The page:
It shows a large proportion of shares are held by people who have neither the funds nor financial knowledge to place money profitably.

“My portfolio investment grew 50% last year, 100% in 2005. My financial adviser helps me to choose around five of the best performing funds, all of them fairly low risk,” says Aleksandr Mochalov, a private investor.

However in Russia Aleksandr is an exception. On Tuesday MICEX released the first comprehensive research into personal investment in Russia. It reveals fewer than half a million Russians invest in the stock market, compared with 88 million in the U.S.

The report’s sad conclusion is that most private investors in Russia are relatively low-wage workers, who have neither proper savings nor the financial knowledge to invest. They tend to put money into companies on news of record share prices, once they've already peaked.

The MICEX chief told RT this was dangerous for the entire Russian economy.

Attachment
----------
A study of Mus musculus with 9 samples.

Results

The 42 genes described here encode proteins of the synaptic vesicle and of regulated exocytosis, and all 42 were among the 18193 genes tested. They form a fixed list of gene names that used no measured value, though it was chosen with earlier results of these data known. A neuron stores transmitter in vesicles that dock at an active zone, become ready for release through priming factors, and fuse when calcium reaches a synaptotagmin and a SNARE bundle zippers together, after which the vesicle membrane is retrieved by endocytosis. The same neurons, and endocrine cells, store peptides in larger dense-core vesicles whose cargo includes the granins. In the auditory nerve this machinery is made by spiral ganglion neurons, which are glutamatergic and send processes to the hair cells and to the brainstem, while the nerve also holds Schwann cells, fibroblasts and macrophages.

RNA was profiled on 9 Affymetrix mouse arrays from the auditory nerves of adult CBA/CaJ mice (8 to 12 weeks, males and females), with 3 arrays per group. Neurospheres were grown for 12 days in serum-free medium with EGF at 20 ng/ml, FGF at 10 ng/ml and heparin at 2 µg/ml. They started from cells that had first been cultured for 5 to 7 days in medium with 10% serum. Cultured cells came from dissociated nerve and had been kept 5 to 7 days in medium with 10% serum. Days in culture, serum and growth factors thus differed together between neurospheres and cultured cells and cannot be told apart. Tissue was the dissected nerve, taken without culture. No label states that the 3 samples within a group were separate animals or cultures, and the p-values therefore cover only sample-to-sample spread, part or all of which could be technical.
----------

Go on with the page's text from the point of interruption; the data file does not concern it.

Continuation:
“We trade over 50% of the volume of Russia’s equities traded anywhere in the globe. To expand, we definitely need an investor base in this country. But we do not want uneducated investors to come to the stock market at any cost. In fact, we think that this would be counter-productive for the Russian economy,” observed Aleksey Rybnikov, the CEO of MICEX.

Independent financial advisers gave the example of some businesses advertising in the underground and who deliberately preyed on the population’s financial ignorance.

“A popular advert on the Moscow Metro is by the Forex company. They target people who understand next to nothing about the subject, claiming you can earn on currency exchanges. This is a very high risk investment with a large probability of losing your money, so I have a low opinion of their behaviour,” warns Nikolay Mrochkovsky, the Vice-President of Full Freedom Investments in Moscow.

In 2008 MICEX will open a national club network to address this. It plans to spread financial information as well as improve the measurement of the population’s economic literacy, so that the boom in consumer loans spreads to the stock market and securities.